Crowdfunding: The latest way to get your project funded

Sites like Kickstarter offer both established businesses and startups a chance to finance their dreams.


Innovators with a vision could seek funding on their own sites without relying on the Kickstarter engine, but doing so puts more onus on them and limits their reach. "Kickstarter is giving you a platform and destination for an audience," says David Greelish, who got funding for a computer history book through Kickstarter.

By using Kickstarter, project creators can focus on promotion rather than building their own crowdfunding mechanism. Kickstarter does help: It gives potential investors a way to browse through projects they might be interested in, and projects are occasionally featured on the site's email list and Facebook page. "They provide a really nice backend for interacting with your investors," says Jason Scott, ticking off the ability to post backer-only updates, export backer data for later use and more.

But once a project is launched, it is primarily the responsibility of its creator to get the word out. Press releases, Facebook, Twitter and word of mouth are invaluable. The best promotion may be the creator's own reputation. "It really helps for [Kickstarter] to be the last chapter [rather] than the first chapter in people knowing you," says Scott.

The ability for a known company to raise funds via crowdsourcing was demonstrated in February by Tim Schafer, a video game developer with decades of experience. When Schafer decided to bypass the traditional route of acquiring startup capital from a publisher for his next game, his company, Double Fine, turned to Kickstarter for funding. It received more than eight times the hoped-for $400,000.

The big-name projects don't necessarily intercept dollars that could be pledged elsewhere. Of Double Fine's 87,142 backers, 71% were first-time Kickstarter users and 15% pledged an additional $877,000 to 1,266 other projects. Online newscaster Checkpoint reported that in the two months before Double Fine's adventure, 15 games were funded on Kickstarter for a total of $169,000; in the two months since Double Fine began asking for Kickstarter funding, $4,276,391 was poured into 34 "indie" games, not counting those from storied developers such as Interplay founder Brian Fargo, who is creating a sequel to the Apple II game Wasteland.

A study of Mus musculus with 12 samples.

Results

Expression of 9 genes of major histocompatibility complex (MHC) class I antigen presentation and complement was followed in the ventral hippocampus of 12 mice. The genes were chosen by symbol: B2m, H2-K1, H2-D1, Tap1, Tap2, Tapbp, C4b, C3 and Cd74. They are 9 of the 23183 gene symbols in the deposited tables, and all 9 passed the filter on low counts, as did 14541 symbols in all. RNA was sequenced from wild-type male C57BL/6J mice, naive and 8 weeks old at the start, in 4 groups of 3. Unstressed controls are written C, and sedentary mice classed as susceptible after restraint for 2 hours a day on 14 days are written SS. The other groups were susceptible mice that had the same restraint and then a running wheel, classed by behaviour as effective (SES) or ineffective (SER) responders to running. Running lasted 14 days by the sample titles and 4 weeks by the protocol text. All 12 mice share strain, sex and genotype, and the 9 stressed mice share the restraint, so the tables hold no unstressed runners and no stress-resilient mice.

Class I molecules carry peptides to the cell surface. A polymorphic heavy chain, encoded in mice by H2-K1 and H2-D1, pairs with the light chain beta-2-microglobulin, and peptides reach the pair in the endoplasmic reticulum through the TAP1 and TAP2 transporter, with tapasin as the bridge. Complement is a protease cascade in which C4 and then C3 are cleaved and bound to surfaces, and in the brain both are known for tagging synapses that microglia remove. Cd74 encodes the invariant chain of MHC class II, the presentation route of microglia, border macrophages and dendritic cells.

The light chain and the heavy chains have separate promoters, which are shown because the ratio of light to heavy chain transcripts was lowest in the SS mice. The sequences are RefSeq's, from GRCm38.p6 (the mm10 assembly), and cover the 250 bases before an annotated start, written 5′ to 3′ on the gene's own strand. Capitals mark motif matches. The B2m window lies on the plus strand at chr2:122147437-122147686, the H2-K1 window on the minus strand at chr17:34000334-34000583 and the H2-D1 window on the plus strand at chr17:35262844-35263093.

There are other ways that project owners can get attention. They can now connect their Facebook accounts to Kickstarter, to be notified when their friends back projects, improving their discoverability. And Brian Fargo has created an unofficial "Kicking It Forward" program, in which project creators can opt to pledge 5% of profits derived from successfully crowdfunded projects back into Kickstarter.

The future of crowdsourcing

Kickstarter requires project creators to be permanent U.S. residents and at least 18 years of age with a Social Security Number (or EIN), a U.S. bank account, U.S. address, U.S. state-issued ID (driver's license) and major U.S. credit or debit card. Because of this, Andrew Russell, a software developer in Australia, used RocketHub to fund a tool to ease porting games from XNA (Microsoft's game development framework) to other environments, such as iOS. "It's still impractical for someone outside the United States to use Kickstarter as a creator," Russell says of why he chose RocketHub.

Russell's open-source project successfully received more than the requested funding, but he still sees ways for the crowdfunding model to grow. "One idea that I think would help is the ability to set multiple goal thresholds," he suggests.

Many Kickstarter projects unofficially use this model; project owners will offer extra benefits for more funding, such as adding more platforms and languages if more money is raised.

Crowdfunding will soon be an option for even more entrepreneurs. The JOBS Act, signed by President Obama on April 5, will turn crowdfunding into a source of capital for small businesses.

Whether you're a small business owner, an entrepreneur or an independent artist, Kickstarter and its competitors have become a valuable and valid way for anyone with an idea with uncertain marketability to test the waters. Says Scott, "If you think of a project where $1,000 makes a difference ... then Kickstarter is a no-brainer."

Next: See our slideshow, 9 interesting tech projects from Kickstarter.

Ken Gagne covers Macs, retrocomputing and electronic entertainment. Follow Ken on Twitter at @IDGagne, read his Computerworld blog, or subscribe to his news and features RSS feed.

Copyright © 2012 IDG Communications, Inc.